By Chandler McCormack
Although most construction cameras are used to capture the exterior build of projects, there is growing interest in using cameras to manage and document interior build-outs, including new retail stores and capital improvement projects.
Compared with general construction jobs, build-outs are more costly in terms of area, exceeding hundreds of thousands of dollars to create a store from the ground up. As such, enhanced project management tools, like construction cameras, are being used in projects. Both owners and the construction team can benefit from 24/7 jobsite access and archival records for both smaller in-line stores and big-box projects.
Project management for remote teams
Any retail construction project manager considering use of interior construction cameras will begin with return on investment (ROI) and how the products can save time and money on a project. The potential for process improvement, compressed construction timelines, and quality control is significant when construction cameras are providing constant virtual access to the jobsite from anywhere in the world.
“We use the cameras for various purposes in our construction project management—from monitoring construction build-out, to remotely checking into site inquiries and managing crews,” explained Brett Whittman, a construction project manager for Sephora’s cosmetic retail store. “It is an exceptionally valuable asset in terms of resources, budget, and time management.”
First and foremost, construction cameras help retailers open stores faster. If a retailer sells thousands of dollars in products daily, opening earlier is an appealing proposition.
Construction cameras also allow for just-in-time delivery of fixtures and products by giving team members real-time views of contractor and supplier activity. Cameras not only let users see when expensive fixtures have been delivered, but they also help verify the materials are being handled properly. A typical national retailer might have a dozen build-outs happening at the same time, and the ability to monitor and manage scheduling of materials delivery and co-ordination of subcontractors—all while optimizing jobsite travel—is an immediate advantage. Project managers in the retail build-out space are no strangers to travel, but being able to schedule site visits more effectively is an appealing prospect.
“A construction camera is a good tool for making sure certain target dates are attained by our general contractors,” said Whittman. “Further, seeing the jobsite ‘live’ gives a better perspective on progress. Our original intent was finding creative solutions for budget management, however, we have seen benefits in time management as well, which ultimately impacts our bottom line.”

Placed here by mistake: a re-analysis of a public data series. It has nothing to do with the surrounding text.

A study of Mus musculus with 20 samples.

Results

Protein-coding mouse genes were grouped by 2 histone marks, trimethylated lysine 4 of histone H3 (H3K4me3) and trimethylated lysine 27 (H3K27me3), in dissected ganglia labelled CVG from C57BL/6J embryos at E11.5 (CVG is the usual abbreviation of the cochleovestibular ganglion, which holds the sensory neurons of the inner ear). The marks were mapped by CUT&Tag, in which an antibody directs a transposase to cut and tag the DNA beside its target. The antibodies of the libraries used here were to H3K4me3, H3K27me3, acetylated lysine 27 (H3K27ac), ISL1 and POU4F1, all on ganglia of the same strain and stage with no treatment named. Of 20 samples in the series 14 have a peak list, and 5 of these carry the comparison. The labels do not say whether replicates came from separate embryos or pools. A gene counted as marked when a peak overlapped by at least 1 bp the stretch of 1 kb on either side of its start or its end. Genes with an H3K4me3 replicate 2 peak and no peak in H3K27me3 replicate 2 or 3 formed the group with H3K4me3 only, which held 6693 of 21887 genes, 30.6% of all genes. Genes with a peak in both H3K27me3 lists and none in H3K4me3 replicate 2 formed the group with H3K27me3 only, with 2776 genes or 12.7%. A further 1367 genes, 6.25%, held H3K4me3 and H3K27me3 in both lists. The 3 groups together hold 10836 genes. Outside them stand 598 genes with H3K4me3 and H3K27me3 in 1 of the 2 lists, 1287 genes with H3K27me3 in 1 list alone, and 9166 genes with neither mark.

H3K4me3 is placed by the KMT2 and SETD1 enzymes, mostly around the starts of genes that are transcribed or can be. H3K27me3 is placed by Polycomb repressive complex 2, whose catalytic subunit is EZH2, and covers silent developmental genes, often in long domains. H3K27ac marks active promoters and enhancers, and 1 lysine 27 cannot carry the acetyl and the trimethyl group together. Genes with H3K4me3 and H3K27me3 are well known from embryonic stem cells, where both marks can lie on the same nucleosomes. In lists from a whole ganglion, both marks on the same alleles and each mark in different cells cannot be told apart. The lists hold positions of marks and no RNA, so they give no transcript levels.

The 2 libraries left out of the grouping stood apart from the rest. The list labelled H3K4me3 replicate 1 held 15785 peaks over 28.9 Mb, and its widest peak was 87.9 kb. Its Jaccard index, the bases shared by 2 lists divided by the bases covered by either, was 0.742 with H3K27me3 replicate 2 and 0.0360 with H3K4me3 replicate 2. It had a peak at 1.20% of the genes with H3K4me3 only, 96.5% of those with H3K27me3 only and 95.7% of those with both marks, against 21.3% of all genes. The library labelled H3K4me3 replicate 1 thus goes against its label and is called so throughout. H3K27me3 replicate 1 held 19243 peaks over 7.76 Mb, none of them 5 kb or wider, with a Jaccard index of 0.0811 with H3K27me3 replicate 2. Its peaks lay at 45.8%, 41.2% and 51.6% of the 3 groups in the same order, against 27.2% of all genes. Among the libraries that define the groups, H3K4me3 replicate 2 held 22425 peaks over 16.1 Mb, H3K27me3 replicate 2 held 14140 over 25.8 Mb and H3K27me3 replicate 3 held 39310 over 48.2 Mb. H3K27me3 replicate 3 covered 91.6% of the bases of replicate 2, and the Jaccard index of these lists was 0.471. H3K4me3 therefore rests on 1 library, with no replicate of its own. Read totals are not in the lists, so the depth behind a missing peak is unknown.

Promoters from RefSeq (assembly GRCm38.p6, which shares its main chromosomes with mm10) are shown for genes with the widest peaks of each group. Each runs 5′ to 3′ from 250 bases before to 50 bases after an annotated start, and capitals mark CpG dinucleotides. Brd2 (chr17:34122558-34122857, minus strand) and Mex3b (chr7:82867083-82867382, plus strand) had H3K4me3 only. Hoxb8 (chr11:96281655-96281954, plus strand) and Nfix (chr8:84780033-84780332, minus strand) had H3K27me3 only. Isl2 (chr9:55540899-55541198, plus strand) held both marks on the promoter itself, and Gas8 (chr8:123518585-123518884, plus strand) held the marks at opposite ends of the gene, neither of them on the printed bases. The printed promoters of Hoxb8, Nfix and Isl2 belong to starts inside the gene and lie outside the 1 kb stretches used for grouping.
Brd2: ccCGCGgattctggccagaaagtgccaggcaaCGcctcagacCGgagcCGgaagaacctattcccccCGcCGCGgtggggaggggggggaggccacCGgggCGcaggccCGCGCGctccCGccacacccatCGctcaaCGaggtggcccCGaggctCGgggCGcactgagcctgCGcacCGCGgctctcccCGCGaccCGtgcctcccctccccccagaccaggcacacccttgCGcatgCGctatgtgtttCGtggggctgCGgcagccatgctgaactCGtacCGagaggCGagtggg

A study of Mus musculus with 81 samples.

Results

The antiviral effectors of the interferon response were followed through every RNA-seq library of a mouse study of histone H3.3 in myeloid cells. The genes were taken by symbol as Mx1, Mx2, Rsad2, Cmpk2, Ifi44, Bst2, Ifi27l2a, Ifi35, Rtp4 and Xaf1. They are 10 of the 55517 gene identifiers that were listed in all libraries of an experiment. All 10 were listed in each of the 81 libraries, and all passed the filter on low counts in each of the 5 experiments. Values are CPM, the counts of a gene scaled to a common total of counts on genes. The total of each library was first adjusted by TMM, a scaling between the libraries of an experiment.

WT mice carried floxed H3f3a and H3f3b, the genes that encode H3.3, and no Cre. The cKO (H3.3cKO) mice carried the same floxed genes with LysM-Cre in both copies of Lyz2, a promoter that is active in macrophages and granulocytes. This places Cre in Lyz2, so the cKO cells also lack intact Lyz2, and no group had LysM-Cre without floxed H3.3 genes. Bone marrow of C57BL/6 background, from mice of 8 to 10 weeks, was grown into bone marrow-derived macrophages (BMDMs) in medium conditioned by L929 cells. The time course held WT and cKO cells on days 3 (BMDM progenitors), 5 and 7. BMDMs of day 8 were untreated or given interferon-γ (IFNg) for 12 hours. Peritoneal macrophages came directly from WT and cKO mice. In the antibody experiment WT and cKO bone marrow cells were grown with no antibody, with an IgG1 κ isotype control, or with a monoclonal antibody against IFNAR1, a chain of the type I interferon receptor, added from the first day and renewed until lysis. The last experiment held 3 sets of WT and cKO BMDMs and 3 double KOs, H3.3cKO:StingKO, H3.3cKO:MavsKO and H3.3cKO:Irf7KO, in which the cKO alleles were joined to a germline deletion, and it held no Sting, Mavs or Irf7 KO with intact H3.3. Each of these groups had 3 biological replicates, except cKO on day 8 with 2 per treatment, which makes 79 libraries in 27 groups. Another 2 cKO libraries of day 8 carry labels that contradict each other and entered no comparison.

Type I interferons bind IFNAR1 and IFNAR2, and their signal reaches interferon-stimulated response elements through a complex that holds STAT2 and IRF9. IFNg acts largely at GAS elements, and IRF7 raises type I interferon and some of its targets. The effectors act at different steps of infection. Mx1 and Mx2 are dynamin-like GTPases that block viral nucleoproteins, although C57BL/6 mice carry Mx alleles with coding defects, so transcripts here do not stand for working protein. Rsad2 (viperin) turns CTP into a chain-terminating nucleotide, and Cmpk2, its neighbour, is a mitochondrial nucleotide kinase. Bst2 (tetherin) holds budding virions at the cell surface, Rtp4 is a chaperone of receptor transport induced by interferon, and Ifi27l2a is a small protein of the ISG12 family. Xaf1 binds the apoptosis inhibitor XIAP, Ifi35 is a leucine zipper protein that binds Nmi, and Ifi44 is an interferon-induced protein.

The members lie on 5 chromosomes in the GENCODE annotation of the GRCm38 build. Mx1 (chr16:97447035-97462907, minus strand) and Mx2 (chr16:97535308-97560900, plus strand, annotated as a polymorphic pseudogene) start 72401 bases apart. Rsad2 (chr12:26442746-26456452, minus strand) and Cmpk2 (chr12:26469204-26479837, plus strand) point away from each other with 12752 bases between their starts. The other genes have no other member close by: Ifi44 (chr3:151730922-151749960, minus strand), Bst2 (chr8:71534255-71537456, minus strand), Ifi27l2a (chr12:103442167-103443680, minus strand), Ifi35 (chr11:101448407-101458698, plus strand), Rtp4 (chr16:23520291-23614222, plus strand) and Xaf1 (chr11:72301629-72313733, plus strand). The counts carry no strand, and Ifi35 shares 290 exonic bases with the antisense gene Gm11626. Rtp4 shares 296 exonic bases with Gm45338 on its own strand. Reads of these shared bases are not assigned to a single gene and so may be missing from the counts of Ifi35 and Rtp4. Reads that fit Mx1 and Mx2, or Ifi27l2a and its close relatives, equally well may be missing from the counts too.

Maintaining order in a crowded workspace
At any given time, a retail space may have five different subcontractors represented, each with as many as five people working in a small area. A clean, well-organized space is more productive and reduces the potential for damage to products when they arrive onsite. Interior build-out managers put a lot of responsibility on their contractors to maintain an orderly project, and construction cameras ensure those expectations get communicated in real time.
For example, use of a time-lapse interior construction camera could show a mobile device retailer that power outlets for merchandising displays were being installed at a height too low for the incoming fixtures. This level of construction management detail goes a long way to preventing costly mistakes.
Making team meetings more effective
Robert Hubbs is a solutions architect for Infinitus Enterprise Services Inc., where he provides digital marketing architecture services to retailers in Canada. Having used construction cameras for interior build-outs, Hubbs has seen firsthand how they quickly become an indispensable tool. In order to extract the most value from a camera, project teams new to the technology should be shown how to use construction camera tools for maximum impact.
“We use time-lapse video for our weekly steering meetings,” said Hubbs. “Time-lapse video allows owners to be more comfortable with the money they put out. They like seeing how many times the forklift had to come in to drop steel. They get to see what is going on and how the project is unfolding. We also show visuals to the merchandising vendors so they can see how the store is coming along.”
Users can retrieve archived images or view up-to-date time-lapse movies of an entire project, and cellular-based time-lapse service provides seamless data delivery. All images should be archived and managed in an off-site data centre, protecting sensitive information from disaster or security breaches. Managed correctly, virtually every moment of construction is available for immediate review, and the archives provide a permanent as-built record. When the project is completed, the high-definition time-lapse footage can be reviewed to determine what worked and what could be improved upon for the next project.
“Images have been used at meetings to virtually build a store in front of everyone’s eyes in a matter of minutes. This makes quite a statement when our projects are 14 weeks in duration, particularly for those who are not in the construction industry,” said Whittman. “It gives them a sense of what is involved and what it took to get there when they’re walking into a new store.”
Chandler McCormack is the co-founder of OxBlue. Previously, he spent 10 years as a civil engineer and land planner on projects with various commercial, industrial, and multi-family development companies. On those projects, he experienced firsthand the need for better communication and documentation among people on and off the jobsite. McCormack can be contacted by e-mail at email@example.com.